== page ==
Two weeks into my new job at Huawei, I thought it would be nice to document this process, especially for those who may go through a similar mid-career transition. The last time when I joined a new workplace was more than 12 years ago when I was just out of graduate school. It was easy back then because the work was well defined and there were many senior colleagues to guide me through. This time though I am serving a role that the group has never had before and am supposed to lead rather than to be led. So far, I’ve survived fine. So here are a few tips.
No idea what to do at first? Talk to people and listen tentatively. My past two weeks were spent mainly to talk to people, e.g., team members, my boss, peers from other teams etc. On average, I spent at least 3 hours with each member of my team, first learning the project, then about themselves, then myself and my thoughts. One trick about talking to and getting to know new people is to listen with all your attention. And as I learned along the way, it is very important not to make any assumptions and not to judge too quickly.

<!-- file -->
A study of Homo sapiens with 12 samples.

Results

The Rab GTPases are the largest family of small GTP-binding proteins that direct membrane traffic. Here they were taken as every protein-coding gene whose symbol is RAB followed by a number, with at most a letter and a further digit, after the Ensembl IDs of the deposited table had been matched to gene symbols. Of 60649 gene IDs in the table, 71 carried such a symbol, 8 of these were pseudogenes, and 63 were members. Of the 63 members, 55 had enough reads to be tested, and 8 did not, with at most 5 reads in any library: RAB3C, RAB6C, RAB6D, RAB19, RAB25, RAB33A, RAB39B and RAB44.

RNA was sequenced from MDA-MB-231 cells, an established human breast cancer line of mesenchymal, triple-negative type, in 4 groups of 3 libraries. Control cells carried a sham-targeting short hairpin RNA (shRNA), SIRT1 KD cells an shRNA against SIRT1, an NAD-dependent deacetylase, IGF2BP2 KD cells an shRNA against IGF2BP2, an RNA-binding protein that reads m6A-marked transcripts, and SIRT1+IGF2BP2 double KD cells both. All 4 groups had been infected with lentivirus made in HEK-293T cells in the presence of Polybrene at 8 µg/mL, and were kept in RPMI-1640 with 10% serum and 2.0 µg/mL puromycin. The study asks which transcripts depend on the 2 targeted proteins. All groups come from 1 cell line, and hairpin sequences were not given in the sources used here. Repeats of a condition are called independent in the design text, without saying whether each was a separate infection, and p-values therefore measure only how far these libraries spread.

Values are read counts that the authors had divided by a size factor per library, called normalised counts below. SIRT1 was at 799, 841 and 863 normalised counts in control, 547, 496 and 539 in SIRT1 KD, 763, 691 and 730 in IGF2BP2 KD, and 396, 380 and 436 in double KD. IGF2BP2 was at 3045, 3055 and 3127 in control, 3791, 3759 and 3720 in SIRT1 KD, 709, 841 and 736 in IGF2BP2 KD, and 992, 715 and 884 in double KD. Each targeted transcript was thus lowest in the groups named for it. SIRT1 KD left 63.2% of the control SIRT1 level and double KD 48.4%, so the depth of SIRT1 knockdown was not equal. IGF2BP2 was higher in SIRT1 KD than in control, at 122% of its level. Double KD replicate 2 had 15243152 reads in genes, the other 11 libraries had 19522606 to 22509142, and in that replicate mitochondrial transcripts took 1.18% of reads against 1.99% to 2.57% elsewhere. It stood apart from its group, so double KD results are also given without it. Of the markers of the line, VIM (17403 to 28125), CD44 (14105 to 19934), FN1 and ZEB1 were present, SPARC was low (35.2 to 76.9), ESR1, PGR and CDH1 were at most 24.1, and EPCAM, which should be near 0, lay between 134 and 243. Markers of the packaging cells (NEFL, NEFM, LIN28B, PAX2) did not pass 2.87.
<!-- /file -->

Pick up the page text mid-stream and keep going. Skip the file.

Record, observe, and reflect. In the last two weeks, I was submerged in all kinds of information and many human interactions. This is both stimulating and chaotic, so it is especially important to record the information and reflect on them. Evernote is a god’s send and asking team members for their resume helps a little too. I also keep a daily journal and make sure to reserve quiet time for myself everyday to reflect on all the information taken in.
Follow any lead and act upon it. With new information flowing in and after putting your mind to digest them, work items naturally emerge. Act upon any issue that emerges as trust is often built gradually and sometimes on the smallest commitments delivered. One of the first things I observed is that the team is used to impromptu communication by stopping by each other’s office at any time. This clearly would not work for me who will work remotely most of the time. So I initiated an effort to build an internal group social media w/ group website, personal blogs, wiki, forum, etc. Not only does it benefit remote members it also makes the entire team more productive as communication is open to all and sharing thoughts and work is made easier. Along the way, my colleagues also get to know me better through my personal website/blogs.
Needless to say, the past two weeks was really intense for me. But I really enjoyed it. From an individual contributor to a team lead into a vast space of technical possibilities is an exciting transition for me. I feel lucky to have such a wonderful team to work with and Iam even more excited to my next trip to China to meet w/ the team over there.